The Letters of Hannah More: A Digital Edition
Introduction to the Project
The Letters of Hannah More: A Digital Edition brings together for the first time the fascinating letters written by the celebrated playwright, poet, philanthropist, moralist and educationalist Hannah More (1745-1833).
More was one of the most important voices of the late eighteenth and early nineteenth centuries. At the heart of a complex and extensive network of politicians, bishops, writers, and evangelical Christians which included figures such as William Wilberforce, Samuel Johnson and Elizabeth Montagu, More sought to redefine and reshape the social and moral values of the age.
Though More’s fame and influence were considerable throughout her fifty-year literary career, she has remained a peripheral figure in later assessments of the literary culture of the period. In part this is because some of her views are unappealing to modern tastes (she argued strongly against women becoming more involved in political life, for instance, and she was fiercely opposed to Catholic emancipation), but it is also because she has acquired a reputation for dour, dreary earnest religiosity. That her evangelical Christian beliefs were central to More’s life and works is undeniable, but she was also playful and light-hearted, and she especially delighted in the company of children. More’s cheerless reputation developed after the publication in 1834 – just a year after her death – of William Roberts’s four-volume edition, Memoirs of the Life and Correspondence of Mrs. Hannah More, in which More’s cheerful and teasing voice was deliberately and ‘primly’ edited out. So badly did Roberts misrepresent More that her goddaughter Marianne Thornton begged correspondents not to ‘judge of Hannah More by anything […] that Roberts tells you she said or did.’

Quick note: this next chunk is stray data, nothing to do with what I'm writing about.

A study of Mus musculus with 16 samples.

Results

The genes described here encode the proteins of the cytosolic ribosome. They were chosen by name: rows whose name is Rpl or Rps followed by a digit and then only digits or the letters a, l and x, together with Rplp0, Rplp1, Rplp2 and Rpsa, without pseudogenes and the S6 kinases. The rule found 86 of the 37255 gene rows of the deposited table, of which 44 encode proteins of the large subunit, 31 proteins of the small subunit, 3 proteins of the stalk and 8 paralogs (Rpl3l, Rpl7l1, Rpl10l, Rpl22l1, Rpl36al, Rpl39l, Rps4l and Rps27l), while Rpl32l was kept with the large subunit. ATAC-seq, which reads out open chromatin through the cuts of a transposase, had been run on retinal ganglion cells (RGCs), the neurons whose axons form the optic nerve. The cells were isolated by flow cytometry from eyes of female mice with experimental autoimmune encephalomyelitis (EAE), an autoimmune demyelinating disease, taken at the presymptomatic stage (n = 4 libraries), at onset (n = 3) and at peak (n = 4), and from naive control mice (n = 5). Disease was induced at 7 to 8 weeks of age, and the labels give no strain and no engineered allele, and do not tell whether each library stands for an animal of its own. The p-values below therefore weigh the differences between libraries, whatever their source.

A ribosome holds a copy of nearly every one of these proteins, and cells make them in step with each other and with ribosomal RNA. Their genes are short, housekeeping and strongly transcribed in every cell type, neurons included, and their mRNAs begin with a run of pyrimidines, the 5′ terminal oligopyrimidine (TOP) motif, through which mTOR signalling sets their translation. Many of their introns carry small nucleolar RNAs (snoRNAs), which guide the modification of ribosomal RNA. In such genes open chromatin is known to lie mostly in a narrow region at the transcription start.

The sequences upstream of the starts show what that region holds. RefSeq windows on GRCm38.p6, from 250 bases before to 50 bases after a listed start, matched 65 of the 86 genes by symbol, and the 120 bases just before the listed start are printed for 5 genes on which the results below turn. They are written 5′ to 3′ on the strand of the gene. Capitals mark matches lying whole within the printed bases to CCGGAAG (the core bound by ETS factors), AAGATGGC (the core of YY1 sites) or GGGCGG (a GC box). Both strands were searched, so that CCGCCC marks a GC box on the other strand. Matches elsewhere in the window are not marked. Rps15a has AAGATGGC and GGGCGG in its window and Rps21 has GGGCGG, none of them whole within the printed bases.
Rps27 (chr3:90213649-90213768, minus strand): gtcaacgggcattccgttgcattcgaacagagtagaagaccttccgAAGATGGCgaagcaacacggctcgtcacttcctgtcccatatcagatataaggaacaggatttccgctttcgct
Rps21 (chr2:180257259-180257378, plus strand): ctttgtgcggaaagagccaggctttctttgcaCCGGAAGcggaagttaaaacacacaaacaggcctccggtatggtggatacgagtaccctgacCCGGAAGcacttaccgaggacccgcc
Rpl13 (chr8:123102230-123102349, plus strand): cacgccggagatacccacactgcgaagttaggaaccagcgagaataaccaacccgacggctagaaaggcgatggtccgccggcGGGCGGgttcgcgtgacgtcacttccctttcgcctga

The publication of More’s letters for the first time in a reliable and scholarly edition (which will also be fully searchable) will enable a much-needed reassessment of her significance, in addition to revealing the complexity and nuance of her character.
The edition is currently under construction: a small collection of letters (to Lady Olivia Sparrow) is currently available, and this will be added to gradually over the next six months. It is hoped that all 1,800 of More’s surviving letters will be available within the next four years.
You will find on this site:
- Twelve letters from More available as transcripts (diplomatic or xml)
- Search and browse facilities to filter the letters by theme, topic, people or places mentioned
- Fully scholarly annotations on the letters and calendars of correspondents, both of which enable you to navigate via hyperlinks to helpful contextual information
1 Anne Stott, Hannah More: the First Victorian (Oxford: Oxford University Press, 2003), p. viii.
2 Marianne Thornton, quoted in Stott, p. ix.